Steve explains how goal setting can give students a picture of the future which can increase motivation and in turn, effort and engagement.
Steve: 00:34 Having students set goals is a great strategy to increase student effort and engagement in the learning process. When I get students to set a goal, have that learning outcome, they are seeing a picture of success out in the future, and that picture, it can be motivational to students. The problem is that way too often, we work with students to set goals, but we don’t take the next step, which is to translate those goals into specific learning behaviors. The goals are achieved because of what students do and the student needs to be clear on what I call the learning production behaviors. What do I do over what kind of period of time that leads to gaining that picture of success that I’ve set as my goal? I had a great example of this. Years back, I was visiting in a school and I sat down with a student and the student shared with me that he had a writing goal and his writing goal was to move his writing score from a 2.5 to a 3.0.
Steve: 02:00 And I said to the student, “Oh man, that’s terrific. What’s that going to take?” And he had a clear picture. He said, “well, my writing has to have fewer punctuation mistakes and I have to have a greater variety of words in my vocabulary.” And I said, “terrific.” I then backed up one step and said, “and what will you do to make that happen? And he said, “I have no idea.” So here, the student has this picture of a future that he wants. He’s got even a clearer picture of what a 3.0 would look like, what his work has to be, but he doesn’t have the behaviors that he needs to execute to make that happen. And I turned to the student, I said, “well, you need some learning production behaviors.” And he said, “I do.” And I said, “yes, go ask your teacher for a list of all the places commas are used and put that list inside your writing folder.”
Steve: 02:59 And then on each draft that you write, go back to that list. Look at the first place that commas are used. Do you have any of those? Look at the second place. Do you have any of those? Look at the third place. Do you have any of those? And I guarantee you, if you do that on each writing draft for the next month, you’ll begin to use punctuation, you’ll begin to use commas in the correct spot. I then said to the student, now take your paper and go to a classmate and ask them to highlight two words in your writing that they think you could come up with a more sophisticated word instead of the word that you have there. After you get those two, go back and change those two words, maybe give it to another classmate and change those two. And again, I’ll guarantee you, if you do that on each piece over time, you will begin to see those vocabulary words showing up in your original draft.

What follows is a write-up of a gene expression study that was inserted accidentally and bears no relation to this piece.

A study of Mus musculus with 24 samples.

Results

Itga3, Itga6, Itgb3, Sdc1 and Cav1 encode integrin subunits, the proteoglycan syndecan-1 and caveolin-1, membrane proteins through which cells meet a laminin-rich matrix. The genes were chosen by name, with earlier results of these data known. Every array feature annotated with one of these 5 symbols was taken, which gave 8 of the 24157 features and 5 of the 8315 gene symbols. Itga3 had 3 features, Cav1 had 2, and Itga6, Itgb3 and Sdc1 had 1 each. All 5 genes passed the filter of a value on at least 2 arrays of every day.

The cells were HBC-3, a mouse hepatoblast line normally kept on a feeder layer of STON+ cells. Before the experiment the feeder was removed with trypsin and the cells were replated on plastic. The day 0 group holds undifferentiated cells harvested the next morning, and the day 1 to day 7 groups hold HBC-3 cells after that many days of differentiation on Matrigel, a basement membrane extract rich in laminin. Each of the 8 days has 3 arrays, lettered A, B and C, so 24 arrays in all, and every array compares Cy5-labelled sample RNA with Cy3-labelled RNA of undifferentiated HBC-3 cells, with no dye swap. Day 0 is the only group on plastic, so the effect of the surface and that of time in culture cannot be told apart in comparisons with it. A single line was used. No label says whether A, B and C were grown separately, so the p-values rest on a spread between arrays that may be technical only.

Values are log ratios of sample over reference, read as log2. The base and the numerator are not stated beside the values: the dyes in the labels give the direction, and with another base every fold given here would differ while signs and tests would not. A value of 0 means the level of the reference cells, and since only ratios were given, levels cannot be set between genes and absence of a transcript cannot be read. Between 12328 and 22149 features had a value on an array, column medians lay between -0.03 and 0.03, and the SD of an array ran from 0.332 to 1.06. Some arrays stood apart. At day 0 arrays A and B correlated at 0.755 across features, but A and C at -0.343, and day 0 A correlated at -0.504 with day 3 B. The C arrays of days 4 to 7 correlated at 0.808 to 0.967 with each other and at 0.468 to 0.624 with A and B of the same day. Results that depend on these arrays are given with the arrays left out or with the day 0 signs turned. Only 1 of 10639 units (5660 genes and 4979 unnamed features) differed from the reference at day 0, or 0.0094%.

Steve: 03:56 So when students take on these actions or these behaviors, there’s two things that they need to be keeping track of. Here’s the first one: evidence of action. Can that student set up a tracking system so that each time he checks his work for commas, he can give himself a check mark and see that he is carrying out that behavior? Because in most instances, my initial implementation of my behavior doesn’t cause the progress. So I’m keeping track that I’ve one, done the learning production behaviors, then later on keeping track of my progress. Am I getting my work closer to the outcome that I’ve set? Now that I understand what the student production behaviors are, I then begin to think, well, what’s the role that the teacher has. And of course, the first role of the teacher is to be able to identify what the learning production behaviors are.
Steve: 05:04 See if you see your great athletic coaches, your strong performing arts drama and music people, what make them excellent at their work is they’re able to identify for the performer, identify for the athlete, what those behaviors are that they have to implement. Then they provide positive feedback for the actions, because initially the student is not getting positive feedback from the progress, because progress isn’t happening. It’s the action. I’m sure you’ve all experienced this. Have you done that one week diet? You started first thing on Monday morning, and you kept to the plan. You did all the behaviors all week long that you were supposed to do and come Saturday morning, you step on the scale and saw that you made no progress. And that’s why many of us in this process need to have a coach. And so very often the role that the teacher plays is a role of coach, supporting the student by identifying the production behaviors, giving the student positive feedback, and then building in those celebrations that allow the student to track towards progress. If you implement this kind of goal setting with your students, you’ll really be accomplishing two important things. One is enhancing the students’ current learning on whatever they’re building their goals around, but two, empowering learners to be able to build their own goals and develop a plan that will cause them to follow through and achieve a goal.
Steve [Outro]: 06:52 Thanks again for listening. You can subscribe to Steve Barkley, ponders out loud on iTunes and Podbean and please remember to rate and review us on iTunes. I also want to hear what you’re pondering. You can find me on twitter @stevebarkley or send me your questions and find my videos and blogs at barkleypd.com.